Henry and June
|Henry and June: From the Unexpurgated Diary of Anaïs Nin|
|Publisher||Harcourt Brace Jovanovich|
|Media type||Print (Hardcover and Paperback)|
|Dewey Decimal||818/.5203 B 19|
|LC Classification||PS3527.I865 Z4642 1986|
Henry and June: From the Unexpurgated Diary of Anaïs Nin (full title Henry and June: From A Journal of Love: the Unexpurgated Diary of Anaïs Nin (1931–1932)) is a 1986 book that is based upon material excerpted from the unpublished diaries of Anaïs Nin. It corresponds temporally to the first volume of Nin's published diaries, written between October 1931 and October 1932, yet is radically different, in that that book begins with a description of the landscape of and around her home and never mentions her husband, whereas "Henry and June" begins with discussion of Nin's sex life and is full of her struggles and passionate relationship with husband Hugo, and then, as the novel/memoir progresses, other lovers.
It is noteworthy that Nin's source material —her diaries —was able to spawn two dramatically different narratives about the same time period, both widely read and praised. The expurgated diary reveals Nin the philosopher and amateur but astute psychologist. The unexpurgated diary reveals a woman breaking out into wild sexual discovery. It is introduced by her second—coterminous—husband.
A film based on the book was released in 1990.
At the end of 1931, Nin finds herself dissatisfied with being a timid, faithful wife to her banker husband, Hugh Parker Guiler. Nin and her husband contemplate the possibility of opening their relationship, and determine that it would threaten their marriage. However when Anais meets June Miller, she is magnetically drawn to her and perceives June to be the most beautiful and charismatic woman she has ever met. Nin pursues an extremely intense, ambiguous, sexually charged friendship with her. When June leaves, Nin becomes involved with Henry, and begins an uninhibited sexual and emotional affair with him, which prompts an intellectual and sensual awakening. A friendship is formed between the two that was maintained throughout both artist's lives.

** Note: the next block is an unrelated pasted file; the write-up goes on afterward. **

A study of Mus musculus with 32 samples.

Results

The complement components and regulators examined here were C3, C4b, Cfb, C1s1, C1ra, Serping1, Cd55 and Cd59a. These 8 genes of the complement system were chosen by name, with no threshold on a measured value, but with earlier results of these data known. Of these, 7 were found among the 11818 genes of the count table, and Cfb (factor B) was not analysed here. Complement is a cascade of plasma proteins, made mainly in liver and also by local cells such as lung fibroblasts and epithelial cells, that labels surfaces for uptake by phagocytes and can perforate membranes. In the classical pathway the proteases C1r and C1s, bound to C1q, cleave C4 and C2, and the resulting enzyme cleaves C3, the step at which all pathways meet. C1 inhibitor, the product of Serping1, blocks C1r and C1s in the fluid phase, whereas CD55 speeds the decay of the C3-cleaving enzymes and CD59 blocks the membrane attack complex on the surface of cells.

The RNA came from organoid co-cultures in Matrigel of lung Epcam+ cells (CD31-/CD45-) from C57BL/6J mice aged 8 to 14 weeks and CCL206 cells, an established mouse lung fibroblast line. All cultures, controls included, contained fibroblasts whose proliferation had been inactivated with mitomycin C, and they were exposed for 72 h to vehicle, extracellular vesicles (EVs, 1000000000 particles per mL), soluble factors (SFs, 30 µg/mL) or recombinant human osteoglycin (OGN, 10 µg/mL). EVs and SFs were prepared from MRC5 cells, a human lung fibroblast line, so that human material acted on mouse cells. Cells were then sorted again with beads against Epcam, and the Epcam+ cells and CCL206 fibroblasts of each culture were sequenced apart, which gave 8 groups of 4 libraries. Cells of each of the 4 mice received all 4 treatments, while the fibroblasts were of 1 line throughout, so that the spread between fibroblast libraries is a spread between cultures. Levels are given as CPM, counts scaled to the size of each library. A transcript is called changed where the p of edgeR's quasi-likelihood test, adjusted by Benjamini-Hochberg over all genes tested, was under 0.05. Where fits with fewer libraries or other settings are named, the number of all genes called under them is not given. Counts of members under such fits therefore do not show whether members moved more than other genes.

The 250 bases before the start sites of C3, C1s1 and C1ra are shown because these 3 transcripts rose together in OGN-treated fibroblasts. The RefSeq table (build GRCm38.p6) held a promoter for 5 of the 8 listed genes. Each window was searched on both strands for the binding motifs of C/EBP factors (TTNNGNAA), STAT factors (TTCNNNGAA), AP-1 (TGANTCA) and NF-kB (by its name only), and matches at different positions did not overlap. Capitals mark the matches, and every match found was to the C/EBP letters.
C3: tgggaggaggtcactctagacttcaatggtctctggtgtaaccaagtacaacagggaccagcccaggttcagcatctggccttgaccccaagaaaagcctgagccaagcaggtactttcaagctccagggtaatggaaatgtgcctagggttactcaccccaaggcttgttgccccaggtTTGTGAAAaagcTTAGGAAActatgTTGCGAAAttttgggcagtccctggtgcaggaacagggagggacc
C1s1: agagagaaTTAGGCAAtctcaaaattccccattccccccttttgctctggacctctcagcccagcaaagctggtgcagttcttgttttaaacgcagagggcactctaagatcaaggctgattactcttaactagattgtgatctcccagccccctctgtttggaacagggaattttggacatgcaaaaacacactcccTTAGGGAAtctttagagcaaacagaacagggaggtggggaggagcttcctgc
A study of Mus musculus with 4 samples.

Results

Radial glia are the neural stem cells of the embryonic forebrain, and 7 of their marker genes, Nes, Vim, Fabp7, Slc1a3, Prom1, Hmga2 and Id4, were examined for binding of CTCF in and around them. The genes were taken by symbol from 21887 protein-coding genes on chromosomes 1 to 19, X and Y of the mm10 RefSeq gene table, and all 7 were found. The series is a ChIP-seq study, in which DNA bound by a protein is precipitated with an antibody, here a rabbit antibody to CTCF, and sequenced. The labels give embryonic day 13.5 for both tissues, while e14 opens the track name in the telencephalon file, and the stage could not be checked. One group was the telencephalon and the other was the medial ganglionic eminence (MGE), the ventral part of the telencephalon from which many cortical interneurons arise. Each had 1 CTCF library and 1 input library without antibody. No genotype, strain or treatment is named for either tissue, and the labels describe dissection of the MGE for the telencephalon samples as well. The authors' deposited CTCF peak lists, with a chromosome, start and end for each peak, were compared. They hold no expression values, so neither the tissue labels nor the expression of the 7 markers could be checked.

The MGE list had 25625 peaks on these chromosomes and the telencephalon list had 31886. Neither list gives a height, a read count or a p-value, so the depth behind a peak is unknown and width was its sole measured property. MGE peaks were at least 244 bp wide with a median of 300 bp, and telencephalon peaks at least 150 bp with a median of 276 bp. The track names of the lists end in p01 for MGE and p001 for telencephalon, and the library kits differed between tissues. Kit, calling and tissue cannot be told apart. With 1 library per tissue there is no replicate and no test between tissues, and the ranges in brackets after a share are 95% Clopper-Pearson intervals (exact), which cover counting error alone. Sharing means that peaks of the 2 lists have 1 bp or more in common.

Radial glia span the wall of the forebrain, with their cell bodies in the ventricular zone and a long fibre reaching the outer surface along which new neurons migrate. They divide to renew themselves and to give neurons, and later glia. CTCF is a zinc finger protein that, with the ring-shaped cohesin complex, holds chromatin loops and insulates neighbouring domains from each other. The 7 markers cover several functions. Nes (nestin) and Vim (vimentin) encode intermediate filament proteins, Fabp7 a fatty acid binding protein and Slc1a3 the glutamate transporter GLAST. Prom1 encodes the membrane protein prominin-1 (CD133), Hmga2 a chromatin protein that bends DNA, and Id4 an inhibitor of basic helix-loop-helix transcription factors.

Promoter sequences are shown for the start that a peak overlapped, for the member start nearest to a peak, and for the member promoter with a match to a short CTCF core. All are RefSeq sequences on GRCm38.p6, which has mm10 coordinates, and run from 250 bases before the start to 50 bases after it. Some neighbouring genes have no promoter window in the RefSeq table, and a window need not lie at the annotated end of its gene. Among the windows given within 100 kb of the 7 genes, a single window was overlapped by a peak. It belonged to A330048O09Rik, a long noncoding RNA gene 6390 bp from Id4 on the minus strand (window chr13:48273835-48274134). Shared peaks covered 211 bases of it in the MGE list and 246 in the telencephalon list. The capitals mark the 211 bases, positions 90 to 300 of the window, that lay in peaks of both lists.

The book's sequel, Incest, which was published in 1992, continues Nin's odyssey of transgression and passion with detailed accounts of her simultaneous affairs with her analysts, Otto Rank and Rene Allendy, with Henry Miller and Antonin Artaud, as well as her incestuous affairs with her father and of her male and female cousins.
The book was later filmed as Henry & June directed by Philip Kaufman, with Fred Ward as Miller, Uma Thurman as June, and Maria de Medeiros as Anaïs Nin. The movie, released in 1990, is notable as the first film to be released in the United States with an NC-17 rating.
The same year the book was also adapted into a film as The Room of Words (La stanza delle parole), a low-budget Italian production directed by Franco Molé.